The History and Antiquities of London, Westminster, Southwark, and Parts Adjacent, vol. 3
At the distance of feet south of Newgate, was situated Ludgate, which, according to Geoffrey of Monmouth, derived its name from king Lud, a Briton, who, according to that author, built it about years before the birth of Christ.
But as Geoffrey's pretended history is now universally acknowledged to be the mere production of an inventive brain, his
|assertion has no weight with the judicious; for it is certain that the ancient Britons had no walled towns. This name, therefore, is with much greater appearance of probability, derived from the rivulet Flood, Flud, Vloat, Fleote, or Fleet, which ran into Fleet-ditch, and it was very probably called Ludgate, instead of its original name, Fludgate.|
In the year , this gate was constituted a prison for poor debtors, who were free of the city; and it was afterwards greatly enlarged by sir Stephen Forster.
This gentleman had been a prisoner there, and was begging at the gate, when a rich widow passing by, asked him what sum would procure his discharge; and, on his answering (which at that time was a considerable sum) she generously advanced the money.
His liberty being thus obtained, his kind benefactress took him into her service, in which, by his indefatigable application to business, and his obliging behaviour, he gained the affections of his mistress, and married her; after which he had such great success in trade, that he became lord mayor of London, and obtained the honour of knighthood.
In his prosperity, sir Stephen thought of the place of his confinement, and, acquainting his lady with a design he had formed of enlarging the prison, she also determined to contribute to the execution of so benevolent a plan.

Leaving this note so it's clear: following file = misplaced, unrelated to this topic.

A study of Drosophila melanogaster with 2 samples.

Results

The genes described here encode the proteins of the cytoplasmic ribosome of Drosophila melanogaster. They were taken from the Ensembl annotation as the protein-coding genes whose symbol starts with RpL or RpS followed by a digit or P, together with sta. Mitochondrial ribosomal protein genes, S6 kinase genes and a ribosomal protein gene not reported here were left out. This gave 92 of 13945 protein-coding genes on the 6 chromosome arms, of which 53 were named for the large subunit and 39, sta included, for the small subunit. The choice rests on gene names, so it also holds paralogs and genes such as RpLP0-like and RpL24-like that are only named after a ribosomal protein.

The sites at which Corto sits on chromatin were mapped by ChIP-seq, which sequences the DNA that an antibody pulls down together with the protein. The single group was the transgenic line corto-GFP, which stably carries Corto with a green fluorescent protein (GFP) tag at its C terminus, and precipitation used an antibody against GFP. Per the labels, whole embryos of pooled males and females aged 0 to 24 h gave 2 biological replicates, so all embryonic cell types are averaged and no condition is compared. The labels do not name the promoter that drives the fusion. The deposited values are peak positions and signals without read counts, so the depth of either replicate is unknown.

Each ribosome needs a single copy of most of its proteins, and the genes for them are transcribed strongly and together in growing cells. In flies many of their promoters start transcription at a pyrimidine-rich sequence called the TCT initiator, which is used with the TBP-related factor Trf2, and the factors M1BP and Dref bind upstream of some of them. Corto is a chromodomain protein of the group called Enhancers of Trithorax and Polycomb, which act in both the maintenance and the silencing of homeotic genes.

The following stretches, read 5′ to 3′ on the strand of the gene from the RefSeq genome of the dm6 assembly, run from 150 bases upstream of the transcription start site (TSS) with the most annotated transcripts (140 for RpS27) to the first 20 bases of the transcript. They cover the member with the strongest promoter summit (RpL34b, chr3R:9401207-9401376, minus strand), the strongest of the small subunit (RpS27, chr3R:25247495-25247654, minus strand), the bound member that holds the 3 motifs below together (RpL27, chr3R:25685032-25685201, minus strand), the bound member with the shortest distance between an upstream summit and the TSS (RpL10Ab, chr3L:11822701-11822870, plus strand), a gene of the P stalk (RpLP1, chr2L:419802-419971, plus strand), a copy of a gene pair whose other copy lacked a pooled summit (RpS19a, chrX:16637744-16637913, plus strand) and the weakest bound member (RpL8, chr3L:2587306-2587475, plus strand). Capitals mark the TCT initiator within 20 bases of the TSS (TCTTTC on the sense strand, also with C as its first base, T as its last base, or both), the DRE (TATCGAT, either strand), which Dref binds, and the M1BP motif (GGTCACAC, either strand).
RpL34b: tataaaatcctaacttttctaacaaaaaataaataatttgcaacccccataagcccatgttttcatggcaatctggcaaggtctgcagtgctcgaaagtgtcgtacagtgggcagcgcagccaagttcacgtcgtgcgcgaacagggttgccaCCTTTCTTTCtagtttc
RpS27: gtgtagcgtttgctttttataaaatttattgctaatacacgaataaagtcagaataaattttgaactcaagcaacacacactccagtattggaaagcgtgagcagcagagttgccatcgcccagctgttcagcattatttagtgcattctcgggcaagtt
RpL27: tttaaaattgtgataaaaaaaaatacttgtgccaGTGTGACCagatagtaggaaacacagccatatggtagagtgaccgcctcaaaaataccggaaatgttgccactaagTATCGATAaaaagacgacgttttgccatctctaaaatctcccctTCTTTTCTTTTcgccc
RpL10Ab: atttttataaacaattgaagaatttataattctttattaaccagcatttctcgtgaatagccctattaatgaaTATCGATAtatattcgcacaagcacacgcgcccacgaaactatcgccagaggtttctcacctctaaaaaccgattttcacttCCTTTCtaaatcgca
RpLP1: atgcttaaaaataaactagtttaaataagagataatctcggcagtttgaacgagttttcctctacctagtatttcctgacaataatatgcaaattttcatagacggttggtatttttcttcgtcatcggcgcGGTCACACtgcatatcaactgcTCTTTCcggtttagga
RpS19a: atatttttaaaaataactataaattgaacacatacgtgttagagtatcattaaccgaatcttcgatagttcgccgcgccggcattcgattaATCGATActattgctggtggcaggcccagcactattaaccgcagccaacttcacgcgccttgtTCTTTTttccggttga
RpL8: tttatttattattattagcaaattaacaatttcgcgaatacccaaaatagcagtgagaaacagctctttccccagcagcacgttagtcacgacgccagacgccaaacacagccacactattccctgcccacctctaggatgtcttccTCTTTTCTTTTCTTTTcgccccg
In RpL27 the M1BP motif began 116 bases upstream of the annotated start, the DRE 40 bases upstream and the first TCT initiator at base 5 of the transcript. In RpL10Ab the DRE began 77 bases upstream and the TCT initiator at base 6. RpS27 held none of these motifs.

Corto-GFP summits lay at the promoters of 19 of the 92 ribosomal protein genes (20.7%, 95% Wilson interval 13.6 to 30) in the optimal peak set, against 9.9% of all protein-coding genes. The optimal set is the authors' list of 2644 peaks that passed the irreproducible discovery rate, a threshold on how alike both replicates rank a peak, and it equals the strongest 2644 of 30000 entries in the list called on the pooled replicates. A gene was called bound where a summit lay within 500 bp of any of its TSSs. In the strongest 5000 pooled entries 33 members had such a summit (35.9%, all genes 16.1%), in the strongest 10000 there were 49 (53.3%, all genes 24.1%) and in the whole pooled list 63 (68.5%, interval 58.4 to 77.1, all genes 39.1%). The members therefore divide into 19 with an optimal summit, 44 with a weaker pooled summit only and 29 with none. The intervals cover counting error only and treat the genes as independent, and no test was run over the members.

Hereupon, they caused several of the houses near the gate to be pulled down, and in their stead erected a strong stone building, containing the following rooms, viz. the porch, the paperhouse, the watch-hall, the upper and lower lumberies, the cellar, the long ward, and the chapel; in the last of which were the following inscriptions:
These venerable founders not only settled a salary for a chaplain of this prison, but ordered that all the rooms in these additional buildings should be for ever free to all unfortunate citizens, and that they on providing their own bedding, should pay nothing at their discharge for lodging or chamber rent; but the avaricious disposition of the keepers broke through this appointment, and for many years they took rent for the rooms, contrary to the express order of the generous donor,
Of the appearance of the gate previous to and during the fire,
|the annexed engraving is a correct representation; with the old church of , the steeple of Bow-church, &c. in the distance.|
This engraving is from an original painting which in , was in the possession of Mrs. Lawrence, .
On the east side of the gate was niches, in which were the effigies of king Lud and his sons, and on the west side that of queen Elizabeth. When the gates of this city were taken down, sir Francis Gosling obtained these statues from the city, with the intention to set them up at the west end of St. Dunstan's church,
, but there was only room for , Queen Elizabeth.
The remainder were consigned to the bone house, where they remain at present.
On the north side of is Stationers'-hall-court, at the north-west corner of which, is
 Engraved in Smith's Antiquities of London, 4to. 1795.